A new review has been published by the UK government which argues that more should be done in order to reap the economic benefits presented by Net Zero, including banning new gas boilers, incentivising investment, and unlocking hydrogen.
Mission Zero – the new report from former energy minister Chris Skidmore – makes 129 recommendations covering areas including the greater role that business can be supported to play, making better use of infrastructure, and delivering more energy efficient homes. It is hoped that these recommendations will maximise economic investment, opportunities and jobs – all while working towards achieving legally binding targets to reach net-zero carbon emissions by 2050.
He urges ministers to grasp the “historic opportunity”, highlighting how the government’s Net Zero Strategy offers the right direction, and the right policies to do so.
“We should be proud of the lead the UK has taken in tackling climate change, having exceeded expectations so far in our race to net zero emissions by 2050. As essential as that is environmentally, it also puts us at an economic advantage globally,” said Skidmore.
“We lead in areas including clean technologies, science, manufacturing and green finance – areas that, if managed right, can lead to new jobs and strong economic growth.
“In developing this report, we have engaged with communities, economists and climate experts from across the country through more than 50 roundtables and 1800 submissions – all of which have led to the Mission Zero findings.
“My recommendations are designed to make the most of this historic opportunity, covering the length and breadth of our economy, so that people in every part of the country can reap the benefits of this both in their communities, and in their pockets.”
Skidmore’s proposals for green economic growth include backing business with incentives for investment in decarbonisation, including via the tax system, and launching a ‘Help to Grow Green’ campaign offering information and advice to small businesses so they can plan ahead.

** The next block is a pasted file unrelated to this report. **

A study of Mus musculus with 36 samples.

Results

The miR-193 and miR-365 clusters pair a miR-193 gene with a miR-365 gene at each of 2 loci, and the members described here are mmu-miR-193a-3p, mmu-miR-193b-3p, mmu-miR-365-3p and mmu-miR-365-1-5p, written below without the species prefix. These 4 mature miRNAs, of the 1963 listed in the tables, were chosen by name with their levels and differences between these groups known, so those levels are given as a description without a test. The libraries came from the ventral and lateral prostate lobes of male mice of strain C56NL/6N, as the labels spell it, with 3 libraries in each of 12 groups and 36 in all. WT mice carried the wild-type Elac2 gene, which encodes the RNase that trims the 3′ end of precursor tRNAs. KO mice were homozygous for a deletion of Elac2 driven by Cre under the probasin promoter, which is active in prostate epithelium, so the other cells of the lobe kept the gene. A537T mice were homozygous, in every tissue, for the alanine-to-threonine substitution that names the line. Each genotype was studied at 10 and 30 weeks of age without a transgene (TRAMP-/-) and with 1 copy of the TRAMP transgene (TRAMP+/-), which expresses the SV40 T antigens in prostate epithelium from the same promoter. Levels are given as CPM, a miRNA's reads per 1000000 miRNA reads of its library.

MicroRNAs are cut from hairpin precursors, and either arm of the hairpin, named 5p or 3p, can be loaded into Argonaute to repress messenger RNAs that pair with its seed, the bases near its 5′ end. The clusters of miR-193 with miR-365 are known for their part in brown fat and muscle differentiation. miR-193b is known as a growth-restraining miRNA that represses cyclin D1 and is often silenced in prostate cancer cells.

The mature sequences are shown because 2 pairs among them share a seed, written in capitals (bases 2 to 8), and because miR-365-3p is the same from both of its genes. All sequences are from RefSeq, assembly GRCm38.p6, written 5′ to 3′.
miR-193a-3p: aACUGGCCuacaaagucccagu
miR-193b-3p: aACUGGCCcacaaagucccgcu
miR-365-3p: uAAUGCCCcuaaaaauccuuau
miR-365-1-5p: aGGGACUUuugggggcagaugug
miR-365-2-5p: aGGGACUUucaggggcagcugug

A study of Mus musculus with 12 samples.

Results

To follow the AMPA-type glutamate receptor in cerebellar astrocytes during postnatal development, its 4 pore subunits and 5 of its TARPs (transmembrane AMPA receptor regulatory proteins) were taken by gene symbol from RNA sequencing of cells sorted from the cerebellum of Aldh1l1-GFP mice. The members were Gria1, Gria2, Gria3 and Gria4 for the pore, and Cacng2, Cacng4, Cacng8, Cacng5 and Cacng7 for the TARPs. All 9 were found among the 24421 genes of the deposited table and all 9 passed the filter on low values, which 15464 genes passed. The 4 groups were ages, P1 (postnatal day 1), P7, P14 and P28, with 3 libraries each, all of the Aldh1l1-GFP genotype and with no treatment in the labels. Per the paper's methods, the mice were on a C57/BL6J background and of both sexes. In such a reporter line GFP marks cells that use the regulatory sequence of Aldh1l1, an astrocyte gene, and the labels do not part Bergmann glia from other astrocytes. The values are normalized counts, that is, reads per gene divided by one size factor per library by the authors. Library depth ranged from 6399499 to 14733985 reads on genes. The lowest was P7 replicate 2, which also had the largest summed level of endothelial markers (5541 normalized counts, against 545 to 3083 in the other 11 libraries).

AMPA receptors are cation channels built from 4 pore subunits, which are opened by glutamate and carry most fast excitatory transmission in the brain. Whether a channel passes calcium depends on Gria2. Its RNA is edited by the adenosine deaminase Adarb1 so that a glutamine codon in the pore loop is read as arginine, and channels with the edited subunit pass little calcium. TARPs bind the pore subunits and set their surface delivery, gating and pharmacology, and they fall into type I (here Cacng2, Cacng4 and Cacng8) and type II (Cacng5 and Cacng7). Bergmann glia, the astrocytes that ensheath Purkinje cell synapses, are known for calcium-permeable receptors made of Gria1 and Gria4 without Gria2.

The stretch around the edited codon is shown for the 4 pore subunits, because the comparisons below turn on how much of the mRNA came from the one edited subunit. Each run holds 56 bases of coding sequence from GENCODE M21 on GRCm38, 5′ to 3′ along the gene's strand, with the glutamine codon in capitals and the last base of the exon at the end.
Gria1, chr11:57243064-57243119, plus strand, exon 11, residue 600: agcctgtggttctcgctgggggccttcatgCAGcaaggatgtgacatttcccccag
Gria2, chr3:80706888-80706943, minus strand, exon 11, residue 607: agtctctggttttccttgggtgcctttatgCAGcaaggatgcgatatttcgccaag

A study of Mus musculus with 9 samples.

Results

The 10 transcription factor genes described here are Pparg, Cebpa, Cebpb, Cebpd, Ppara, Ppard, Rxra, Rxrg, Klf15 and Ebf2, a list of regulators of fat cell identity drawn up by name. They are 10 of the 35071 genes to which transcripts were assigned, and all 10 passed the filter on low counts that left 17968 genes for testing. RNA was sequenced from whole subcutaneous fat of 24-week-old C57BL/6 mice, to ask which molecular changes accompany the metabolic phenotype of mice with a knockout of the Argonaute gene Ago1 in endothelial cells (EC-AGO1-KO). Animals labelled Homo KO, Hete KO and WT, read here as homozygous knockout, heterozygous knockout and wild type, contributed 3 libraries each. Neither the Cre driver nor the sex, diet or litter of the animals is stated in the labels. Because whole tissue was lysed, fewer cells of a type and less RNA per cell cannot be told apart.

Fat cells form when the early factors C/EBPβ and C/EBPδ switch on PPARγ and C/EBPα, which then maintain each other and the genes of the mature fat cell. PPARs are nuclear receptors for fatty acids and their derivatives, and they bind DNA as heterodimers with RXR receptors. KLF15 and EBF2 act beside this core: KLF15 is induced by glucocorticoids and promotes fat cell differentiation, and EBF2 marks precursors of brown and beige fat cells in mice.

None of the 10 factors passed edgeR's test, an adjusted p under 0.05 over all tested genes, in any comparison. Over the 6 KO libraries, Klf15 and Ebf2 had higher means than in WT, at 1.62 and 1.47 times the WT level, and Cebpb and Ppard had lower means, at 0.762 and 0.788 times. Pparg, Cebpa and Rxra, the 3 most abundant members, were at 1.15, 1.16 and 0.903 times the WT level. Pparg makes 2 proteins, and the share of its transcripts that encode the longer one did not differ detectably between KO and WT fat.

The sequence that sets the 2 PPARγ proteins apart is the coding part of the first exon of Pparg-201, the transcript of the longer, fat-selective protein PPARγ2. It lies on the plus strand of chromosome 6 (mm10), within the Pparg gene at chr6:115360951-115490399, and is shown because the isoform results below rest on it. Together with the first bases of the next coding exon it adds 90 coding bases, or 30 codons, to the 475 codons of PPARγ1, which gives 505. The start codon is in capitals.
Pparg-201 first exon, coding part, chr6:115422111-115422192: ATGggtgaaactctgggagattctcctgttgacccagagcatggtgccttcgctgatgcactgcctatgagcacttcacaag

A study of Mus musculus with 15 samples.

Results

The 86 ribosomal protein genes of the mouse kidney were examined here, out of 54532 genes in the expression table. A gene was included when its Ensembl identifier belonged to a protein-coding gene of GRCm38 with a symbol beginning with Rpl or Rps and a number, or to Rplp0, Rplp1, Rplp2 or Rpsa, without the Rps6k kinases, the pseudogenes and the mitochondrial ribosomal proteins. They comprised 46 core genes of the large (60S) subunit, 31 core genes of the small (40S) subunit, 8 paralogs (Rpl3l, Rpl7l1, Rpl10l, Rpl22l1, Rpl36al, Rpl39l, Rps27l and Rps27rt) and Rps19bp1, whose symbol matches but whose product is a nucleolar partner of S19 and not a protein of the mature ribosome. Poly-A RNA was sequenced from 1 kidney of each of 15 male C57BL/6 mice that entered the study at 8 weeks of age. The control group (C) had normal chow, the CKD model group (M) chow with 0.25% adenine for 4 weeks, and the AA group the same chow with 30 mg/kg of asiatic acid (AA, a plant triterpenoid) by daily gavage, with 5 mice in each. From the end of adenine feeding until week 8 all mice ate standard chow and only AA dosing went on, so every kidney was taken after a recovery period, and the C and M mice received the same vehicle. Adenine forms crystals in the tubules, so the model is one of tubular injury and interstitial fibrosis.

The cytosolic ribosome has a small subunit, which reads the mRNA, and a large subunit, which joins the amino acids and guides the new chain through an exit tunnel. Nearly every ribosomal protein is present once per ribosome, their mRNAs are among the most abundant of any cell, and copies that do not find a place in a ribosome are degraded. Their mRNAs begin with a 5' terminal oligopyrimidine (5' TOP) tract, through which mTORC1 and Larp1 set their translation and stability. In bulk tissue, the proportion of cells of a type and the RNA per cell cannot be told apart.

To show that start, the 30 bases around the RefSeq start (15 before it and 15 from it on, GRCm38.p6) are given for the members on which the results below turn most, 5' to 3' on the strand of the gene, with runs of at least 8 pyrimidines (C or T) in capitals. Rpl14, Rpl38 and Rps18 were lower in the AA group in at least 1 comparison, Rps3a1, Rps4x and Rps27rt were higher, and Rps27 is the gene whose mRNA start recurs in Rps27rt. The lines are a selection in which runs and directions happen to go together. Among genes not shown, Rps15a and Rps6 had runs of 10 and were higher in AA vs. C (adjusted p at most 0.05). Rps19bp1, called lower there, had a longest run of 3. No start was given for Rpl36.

He also advocates for backing local action by reforming the planning system to put net-zero at its heart; delivering energy efficient homes by legislating so that no new homes are built with gas boilers from 2025; and using infrastructure to unlock net-zero, including developing a cross-sectoral infrastructure strategy to support the beuilding and adaptation for new green energy sources such as hydrogen.
The Net Zero Review also referenced a recent report from the Institute for Mechanical Engineering: ‘Engineering a Net Zero Energy System’.
“The task to achieve Net Zero is the most ambitious engineering challenge ever untaken. But, as the Net Zero Review highlights, the benefits outweigh the costs,” Matt Rooney, head of engineering policy at the Institution, said in response.
“There is a significant economic opportunity for the UK to lead on developing technologies that are necessary for decarbonisation, including offshore wind and advanced nuclear.
“Important technologies for meeting Net Zero, notably carbon capture and storage, will be geographically dispersed around the country and so will assist with the Government’s ‘levelling-up’ agenda.
“There are potential obstacles to achieving the rapid decarbonisation required, one of which being a lack of technical skills. Engineers and technicians will be vital to reaching Net Zero and we already know that there is shortfall in the pipeline of skills required. It is important that the Government recognise this and put forward the necessary resources to correct it.”
“Climate change and sustainability are key priorities for the IMechE’s policy work and will form a core part of our policy work in the coming months and years, including an upcoming report on how industry will need to adapt to rising temperatures driven by global warming.”